What to make of the California Senate’s move to get in on the global warming act?
Led by Senate President Pro Tem Don Perata, state Senate Democrats yesterday introduced a package of new bills to cut greenhouse gas emissions in the Golden State. Which is curious in a number of respects, because California just adopted a landmark bill last summer, AB 32 by Assembly Speaker Fabian Nunez and LA Assemblywoman Fran Pavley, to do the very same. And now it is up to the state’s famed Air Resources Board to develop the specifics.
One of the bills in the Senate package would require California to have 33% of its electric power come from renewable energy sources like wind, solar, geothermal, biomass, and tides by 2020. That’s a good idea. But California is, as has been reported on NWN several times over the last two years, falling behind on its current requirement of having 20% renewables by 2010.
Maybe it would be a good idea to fully implement the current renewable energy law first.
That 2010 requirement, incidentally, came at the behest of Governor Arnold Schwarzenegger, who was frustrated by the level of the previous landmark law on renewable energy passed by the Democratic Legislature and signed into law by then Governor Gray Davis in 2002. Which required 20% renewable electric power not by 2010, but by 2017.
In 2002, well before the recall in which Schwarzenegger became governor of California was a glimmer in anyone’s eye, the former action superstar told me he wanted to go beyond what Davis and the Democratic legislators had come up with on renewable power. And he has, at least as a matter of policy.
If Perata and Senate Democrats — including the powerful career environmental staffer Kip Lipper — want to make a real difference on renewable energy, rather than simply pass another law, perhaps they should invite the state’s Public Utilities Commission to hearings on why California is falling short on the 20% renewables requirement by 2010.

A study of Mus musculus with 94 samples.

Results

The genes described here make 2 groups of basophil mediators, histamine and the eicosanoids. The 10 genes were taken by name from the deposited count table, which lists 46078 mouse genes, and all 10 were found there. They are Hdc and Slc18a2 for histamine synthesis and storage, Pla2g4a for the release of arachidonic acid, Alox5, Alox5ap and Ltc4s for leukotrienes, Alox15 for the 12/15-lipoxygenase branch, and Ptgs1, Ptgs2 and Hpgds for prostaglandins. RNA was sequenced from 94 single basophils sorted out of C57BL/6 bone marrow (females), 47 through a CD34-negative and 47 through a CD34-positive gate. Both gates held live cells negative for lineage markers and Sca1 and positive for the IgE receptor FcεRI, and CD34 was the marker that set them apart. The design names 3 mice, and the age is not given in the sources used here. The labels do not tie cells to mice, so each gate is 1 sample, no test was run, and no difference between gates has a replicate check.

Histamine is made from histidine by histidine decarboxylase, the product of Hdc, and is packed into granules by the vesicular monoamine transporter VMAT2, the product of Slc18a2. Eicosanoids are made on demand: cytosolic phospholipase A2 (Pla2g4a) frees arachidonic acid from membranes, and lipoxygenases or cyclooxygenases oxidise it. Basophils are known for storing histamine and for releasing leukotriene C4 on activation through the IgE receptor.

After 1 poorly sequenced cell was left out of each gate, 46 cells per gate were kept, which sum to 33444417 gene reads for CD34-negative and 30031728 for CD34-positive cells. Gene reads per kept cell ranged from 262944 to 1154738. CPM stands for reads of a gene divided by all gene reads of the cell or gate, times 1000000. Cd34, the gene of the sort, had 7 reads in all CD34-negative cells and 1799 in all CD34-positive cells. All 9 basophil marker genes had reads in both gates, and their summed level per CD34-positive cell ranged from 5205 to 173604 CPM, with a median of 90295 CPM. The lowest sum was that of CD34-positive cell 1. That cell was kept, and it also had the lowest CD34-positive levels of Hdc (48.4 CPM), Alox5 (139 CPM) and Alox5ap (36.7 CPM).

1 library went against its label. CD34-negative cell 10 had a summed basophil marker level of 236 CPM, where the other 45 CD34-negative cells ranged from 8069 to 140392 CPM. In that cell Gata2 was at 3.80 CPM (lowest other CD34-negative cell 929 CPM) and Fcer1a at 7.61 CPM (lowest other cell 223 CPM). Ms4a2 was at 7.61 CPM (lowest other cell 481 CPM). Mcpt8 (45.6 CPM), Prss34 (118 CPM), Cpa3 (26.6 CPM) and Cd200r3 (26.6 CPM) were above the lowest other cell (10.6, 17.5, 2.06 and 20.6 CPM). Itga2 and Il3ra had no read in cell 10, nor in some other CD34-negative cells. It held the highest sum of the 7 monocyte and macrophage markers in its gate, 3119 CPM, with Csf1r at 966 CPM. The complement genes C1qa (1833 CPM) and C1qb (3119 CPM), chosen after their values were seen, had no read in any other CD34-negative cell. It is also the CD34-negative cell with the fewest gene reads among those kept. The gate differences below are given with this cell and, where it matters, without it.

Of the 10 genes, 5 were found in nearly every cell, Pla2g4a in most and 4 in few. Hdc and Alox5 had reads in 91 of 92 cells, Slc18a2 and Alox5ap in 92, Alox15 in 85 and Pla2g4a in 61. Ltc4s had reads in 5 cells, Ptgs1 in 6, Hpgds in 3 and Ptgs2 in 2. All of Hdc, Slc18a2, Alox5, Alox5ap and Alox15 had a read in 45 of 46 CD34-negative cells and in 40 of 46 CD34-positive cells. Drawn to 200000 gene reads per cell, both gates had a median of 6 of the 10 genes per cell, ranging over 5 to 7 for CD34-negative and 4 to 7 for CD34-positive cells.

Passing another law requiring renewable energy for electric power generation when the current, Arnold-accelerated law, is falling short does not seem particularly useful. Unless it is intended to be a spur. But a better spur would be legislative oversight hearings.
The rest of the package focuses on regulatory rather than market-oriented solutions to curbing greenhouse gas emissions. Schwarzenegger, being a moderate Republican, is mainly focused on market-oriented solutions. As are the Western Europeans, such as British Prime Minister Tony Blair, who are the only global leaders actually doing something about the emerging climate change crisis.
There are two key elements to reducing greenhouse gas emissions. Power generation and vehicles. The law passed in 2002, also authored by Fran Pavley, to drastically cut greenhouse gas emissions from motor vehicles, is under attack in court from major automakers. And from the Bush Administration. While the president now fully acknowledges and accepts the findings of the recent report from global climate experts that climate change is happening and is due to manmade effects, his administration still seeks to halt governmental action to deal with the problem. Which, given its tilt to the oil industry, is hardly surprising.
And so we see — despite even the statements from the top two Republican presidential candidates, Rudy Giuliani and John McCain, the only ones who are likely electable next year — an ongoing effort by some conservatives to continue to deny the problem. For example, our friend Jon Fleischman, at his Flash Report site, castigated McCain for the “environmental extremism” of touring a Southern California port by helicopter with Arnold Schwarzenegger and talking about the need to combat the greenhouse effect.
Into this mini-maelstrom steps Perata, who has been getting short shrift in the post-partisan lovefest between Schwarzenegger and Nunez. It’s Nunez who was in Davos, accepting the accolades of global celebrities for California’s leadership on climate change.
It’s ironic, because it was actually Perata who wanted to work with Schwarzenegger, in bipartisan, if not post-partisan, fashion, well before Nunez did. The speaker was still trying to figure out Schwarzenegger and still, under the influence of his labor union backers, pursuing a slash and burn approach to the governor, going so far as to kill his big solar energy bill in 2005.
Perata, actually, in many respects was the key to the great infrastructure bonds package of 2006. He introduced the original package, which Schwarzenegger then greatly expanded upon following his predictable trouncing in the 2005 special election.
But it is Schwarzenegger and Nunez who star in the buddy picture, not Arnold and Don. Which brings us back to global warming.
AB 32 passed last summer. It’s up to the Air Resources Board to develop the implementation strategy. Perata’s old ally, former Governor and now Attorney General Jerry Brown, who actually pioneered this issue decades ago, long before any of these other folks now crowding the stage ever thought about this, will be heavily involved with the process. Let’s let the ARB do its work.